Open Access Research

Assembly of 500,000 inter-specific catfish expressed sequence tags and large scale gene-associated marker development for whole genome association studies

Shaolin Wang1, Eric Peatman1, Jason Abernathy1, Geoff Waldbieser2, Erika Lindquist3, Paul Richardson3, Susan Lucas3, Mei Wang3, Ping Li1, Jyothi Thimmapuram4, Lei Liu4, Deepika Vullaganti4, Huseyin Kucuktas1, Christopher Murdock2, Brian C Small2, Melanie Wilson5, Hong Liu1, Yanliang Jiang1, Yoona Lee1, Fei Chen1, Jianguo Lu1, Wenqi Wang1, Peng Xu1, Benjaporn Somridhivej1, Puttharat Baoprasertkul1, Jonas Quilang1, Zhenxia Sha1, Baolong Bao1, Yaping Wang1, Qun Wang1, Tomokazu Takano1, Samiran Nandi1, Shikai Liu1, Lilian Wong1, Ludmilla Kaltenboeck1, Sylvie Quiniou2, Eva Bengten5, Norman Miller5, John Trant6, Daniel Rokhsar37, Zhanjiang Liu1* and the Catfish Genome Consortium

Author affiliations

1 The Fish Molecular Genetics and Biotechnology Laboratory, Department of Fisheries and Allied Aquacultures and Program of Cell and Molecular Biosciences, Aquatic Genomics Unit, 203 Swingle Hall, Auburn University, Auburn, AL 36849, USA

2 USDA, ARS, Catfish Genetics Research Unit, 141 Experiment Station Road, Stoneville, Mississippi 38776, USA

3 DOE Joint Genome Institute, Genomic Technologies Department, 2800 Mitchell Drive Bldg 400-462, Walnut Creek, CA 94598, USA

4 The WM Keck Center for Comparative and Functional Genomics, University of Illinois at Urbana-Champaign, Urbana, IL 61801, USA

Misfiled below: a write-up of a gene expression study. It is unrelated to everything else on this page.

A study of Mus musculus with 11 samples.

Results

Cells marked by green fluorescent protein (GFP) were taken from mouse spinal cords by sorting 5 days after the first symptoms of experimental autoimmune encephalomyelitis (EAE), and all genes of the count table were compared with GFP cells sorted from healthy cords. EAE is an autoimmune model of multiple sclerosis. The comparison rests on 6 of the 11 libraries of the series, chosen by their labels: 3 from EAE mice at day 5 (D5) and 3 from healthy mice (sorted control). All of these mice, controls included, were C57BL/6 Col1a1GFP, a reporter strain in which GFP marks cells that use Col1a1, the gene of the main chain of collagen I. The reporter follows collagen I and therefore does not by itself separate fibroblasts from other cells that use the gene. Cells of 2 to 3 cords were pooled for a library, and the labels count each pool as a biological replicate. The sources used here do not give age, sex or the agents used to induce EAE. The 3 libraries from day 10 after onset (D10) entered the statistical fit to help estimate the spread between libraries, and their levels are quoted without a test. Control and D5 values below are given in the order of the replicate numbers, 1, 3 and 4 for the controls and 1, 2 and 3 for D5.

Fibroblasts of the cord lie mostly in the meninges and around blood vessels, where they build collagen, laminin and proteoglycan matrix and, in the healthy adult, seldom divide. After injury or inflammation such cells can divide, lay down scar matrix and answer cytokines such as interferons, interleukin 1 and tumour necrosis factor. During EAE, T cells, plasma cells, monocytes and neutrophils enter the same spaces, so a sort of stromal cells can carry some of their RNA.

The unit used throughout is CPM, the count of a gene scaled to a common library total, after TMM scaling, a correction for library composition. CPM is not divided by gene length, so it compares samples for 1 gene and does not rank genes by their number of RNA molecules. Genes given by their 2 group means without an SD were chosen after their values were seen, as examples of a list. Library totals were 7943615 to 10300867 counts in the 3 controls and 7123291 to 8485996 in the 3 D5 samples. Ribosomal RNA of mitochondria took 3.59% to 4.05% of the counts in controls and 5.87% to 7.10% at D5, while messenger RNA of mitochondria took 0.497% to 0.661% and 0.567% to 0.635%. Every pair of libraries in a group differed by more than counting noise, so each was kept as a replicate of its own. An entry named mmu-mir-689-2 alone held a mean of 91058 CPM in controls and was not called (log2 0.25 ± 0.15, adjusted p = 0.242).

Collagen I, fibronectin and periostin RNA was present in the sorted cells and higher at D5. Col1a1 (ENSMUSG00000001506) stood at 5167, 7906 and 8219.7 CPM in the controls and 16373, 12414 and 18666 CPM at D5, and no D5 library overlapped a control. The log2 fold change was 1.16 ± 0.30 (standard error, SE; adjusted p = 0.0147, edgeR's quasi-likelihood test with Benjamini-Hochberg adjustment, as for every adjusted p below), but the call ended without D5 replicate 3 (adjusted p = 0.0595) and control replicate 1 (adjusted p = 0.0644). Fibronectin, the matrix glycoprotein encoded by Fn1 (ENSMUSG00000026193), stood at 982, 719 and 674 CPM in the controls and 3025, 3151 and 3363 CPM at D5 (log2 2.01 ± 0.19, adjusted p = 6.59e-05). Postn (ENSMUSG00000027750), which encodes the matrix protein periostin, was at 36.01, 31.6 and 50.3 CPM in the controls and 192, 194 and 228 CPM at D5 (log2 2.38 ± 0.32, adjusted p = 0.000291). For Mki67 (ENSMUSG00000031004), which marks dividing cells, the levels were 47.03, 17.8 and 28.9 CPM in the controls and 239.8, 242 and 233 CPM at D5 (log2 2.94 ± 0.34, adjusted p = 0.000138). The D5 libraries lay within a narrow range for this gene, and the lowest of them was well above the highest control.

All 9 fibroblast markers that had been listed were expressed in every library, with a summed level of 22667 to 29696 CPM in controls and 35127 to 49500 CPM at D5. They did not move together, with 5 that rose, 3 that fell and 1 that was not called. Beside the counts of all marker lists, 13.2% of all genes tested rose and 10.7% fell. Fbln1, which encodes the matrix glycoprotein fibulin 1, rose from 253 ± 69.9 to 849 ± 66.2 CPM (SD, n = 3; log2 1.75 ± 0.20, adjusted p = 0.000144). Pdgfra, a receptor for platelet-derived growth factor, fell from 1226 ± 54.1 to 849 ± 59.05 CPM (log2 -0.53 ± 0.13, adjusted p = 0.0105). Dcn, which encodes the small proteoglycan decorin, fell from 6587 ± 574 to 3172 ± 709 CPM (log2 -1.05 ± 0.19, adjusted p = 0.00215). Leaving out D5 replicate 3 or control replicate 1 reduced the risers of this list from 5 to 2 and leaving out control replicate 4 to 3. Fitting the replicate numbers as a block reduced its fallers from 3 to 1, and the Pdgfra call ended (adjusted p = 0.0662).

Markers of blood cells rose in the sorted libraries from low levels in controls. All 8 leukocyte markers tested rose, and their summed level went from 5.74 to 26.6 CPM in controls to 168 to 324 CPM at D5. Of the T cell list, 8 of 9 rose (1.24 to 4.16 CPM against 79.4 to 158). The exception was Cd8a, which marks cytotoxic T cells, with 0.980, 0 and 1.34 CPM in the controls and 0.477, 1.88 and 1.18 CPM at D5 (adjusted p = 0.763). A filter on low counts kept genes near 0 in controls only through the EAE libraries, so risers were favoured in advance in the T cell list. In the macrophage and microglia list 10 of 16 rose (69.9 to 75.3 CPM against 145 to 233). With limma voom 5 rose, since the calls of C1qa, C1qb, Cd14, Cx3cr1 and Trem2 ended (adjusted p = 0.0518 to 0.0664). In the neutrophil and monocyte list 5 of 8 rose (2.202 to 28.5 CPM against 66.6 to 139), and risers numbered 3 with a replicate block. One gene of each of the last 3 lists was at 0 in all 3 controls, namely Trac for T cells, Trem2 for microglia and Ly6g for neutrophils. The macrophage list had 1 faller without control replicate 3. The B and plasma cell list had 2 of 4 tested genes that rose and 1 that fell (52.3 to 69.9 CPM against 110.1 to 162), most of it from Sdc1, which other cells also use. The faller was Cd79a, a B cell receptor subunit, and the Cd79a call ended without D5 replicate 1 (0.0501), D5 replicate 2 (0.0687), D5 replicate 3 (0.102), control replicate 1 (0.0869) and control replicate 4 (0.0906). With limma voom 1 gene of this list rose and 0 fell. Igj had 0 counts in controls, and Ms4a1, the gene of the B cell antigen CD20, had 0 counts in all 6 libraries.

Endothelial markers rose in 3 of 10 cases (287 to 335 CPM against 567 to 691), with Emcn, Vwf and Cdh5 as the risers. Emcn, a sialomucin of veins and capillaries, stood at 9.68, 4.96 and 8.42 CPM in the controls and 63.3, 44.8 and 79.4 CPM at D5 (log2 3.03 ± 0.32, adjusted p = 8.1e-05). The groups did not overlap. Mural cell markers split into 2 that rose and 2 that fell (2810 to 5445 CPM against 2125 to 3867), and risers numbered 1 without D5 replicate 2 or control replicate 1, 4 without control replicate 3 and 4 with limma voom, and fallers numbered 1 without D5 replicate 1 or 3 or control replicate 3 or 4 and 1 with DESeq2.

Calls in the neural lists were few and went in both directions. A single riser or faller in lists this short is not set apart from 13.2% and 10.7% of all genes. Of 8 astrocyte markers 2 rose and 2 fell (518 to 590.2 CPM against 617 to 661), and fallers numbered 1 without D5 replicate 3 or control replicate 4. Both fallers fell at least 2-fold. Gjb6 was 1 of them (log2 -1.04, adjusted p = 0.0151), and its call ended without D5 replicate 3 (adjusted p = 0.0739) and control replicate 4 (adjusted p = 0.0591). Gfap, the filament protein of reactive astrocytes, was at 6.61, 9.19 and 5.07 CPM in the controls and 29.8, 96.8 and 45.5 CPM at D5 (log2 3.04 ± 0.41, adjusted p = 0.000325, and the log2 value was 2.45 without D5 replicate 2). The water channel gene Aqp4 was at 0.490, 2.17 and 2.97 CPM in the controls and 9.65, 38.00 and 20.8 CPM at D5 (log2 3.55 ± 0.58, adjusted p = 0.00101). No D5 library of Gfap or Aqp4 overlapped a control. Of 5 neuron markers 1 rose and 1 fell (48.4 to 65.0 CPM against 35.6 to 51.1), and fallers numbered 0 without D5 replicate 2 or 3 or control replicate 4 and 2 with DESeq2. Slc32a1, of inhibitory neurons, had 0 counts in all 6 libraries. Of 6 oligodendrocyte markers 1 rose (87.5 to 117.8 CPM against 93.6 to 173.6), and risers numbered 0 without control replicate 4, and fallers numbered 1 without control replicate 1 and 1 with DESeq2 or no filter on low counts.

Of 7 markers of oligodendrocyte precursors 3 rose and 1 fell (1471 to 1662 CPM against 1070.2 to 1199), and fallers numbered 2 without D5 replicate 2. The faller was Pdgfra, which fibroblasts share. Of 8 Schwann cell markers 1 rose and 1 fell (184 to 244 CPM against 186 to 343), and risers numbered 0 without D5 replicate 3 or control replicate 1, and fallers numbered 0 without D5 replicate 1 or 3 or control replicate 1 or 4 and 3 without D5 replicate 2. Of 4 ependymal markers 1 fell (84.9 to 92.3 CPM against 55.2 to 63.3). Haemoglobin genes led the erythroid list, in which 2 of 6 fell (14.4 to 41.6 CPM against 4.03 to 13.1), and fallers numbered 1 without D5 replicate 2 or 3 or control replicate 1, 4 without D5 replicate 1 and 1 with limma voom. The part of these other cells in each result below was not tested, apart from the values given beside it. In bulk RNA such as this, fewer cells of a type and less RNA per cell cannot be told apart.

5 Department of Microbiology, University of Mississippi Medical Center, 2500 North State Street, Jackson, MS 39216, USA

6 Center of Marine Biotechnology, University of Maryland Biotechnology Institute, 701 East Pratt Street, Baltimore, MD 21202, USA

7 Department of Molecular and Cell Biology, University of California, Berkeley, 142 Life Sciences Addition #3200, Berkeley, CA 94720, USA


Genome Biology 2010, 11:R8  doi:10.1186/gb-2010-11-1-r8

Published: 22 January 2010

Abstract

Background

Through the Community Sequencing Program, a catfish EST sequencing project was carried out through a collaboration between the catfish research community and the Department of Energy's Joint Genome Institute. Prior to this project, only a limited EST resource from catfish was available for the purpose of SNP identification.

Results

A total of 438,321 quality ESTs were generated from 8 channel catfish (Ictalurus punctatus) and 4 blue catfish (Ictalurus furcatus) libraries, bringing the number of catfish ESTs to nearly 500,000. Assembly of all catfish ESTs resulted in 45,306 contigs and 66,272 singletons. Over 35% of the unique sequences had significant similarities to known genes, allowing the identification of 14,776 unique genes in catfish. Over 300,000 putative SNPs have been identified, of which approximately 48,000 are high-quality SNPs identified from contigs with at least four sequences and the minor allele presence of at least two sequences in the contig. The EST resource should be valuable for identification of microsatellites, genome annotation, large-scale expression analysis, and comparative genome analysis.

Conclusions

This project generated a large EST resource for catfish that captured the majority of the catfish transcriptome. The parallel analysis of ESTs from two closely related Ictalurid catfishes should also provide powerful means for the evaluation of ancient and recent gene duplications, and for the development of high-density microarrays in catfish. The inter- and intra-specific SNPs identified from all catfish EST dataset assembly will greatly benefit the catfish introgression breeding program and whole genome association studies.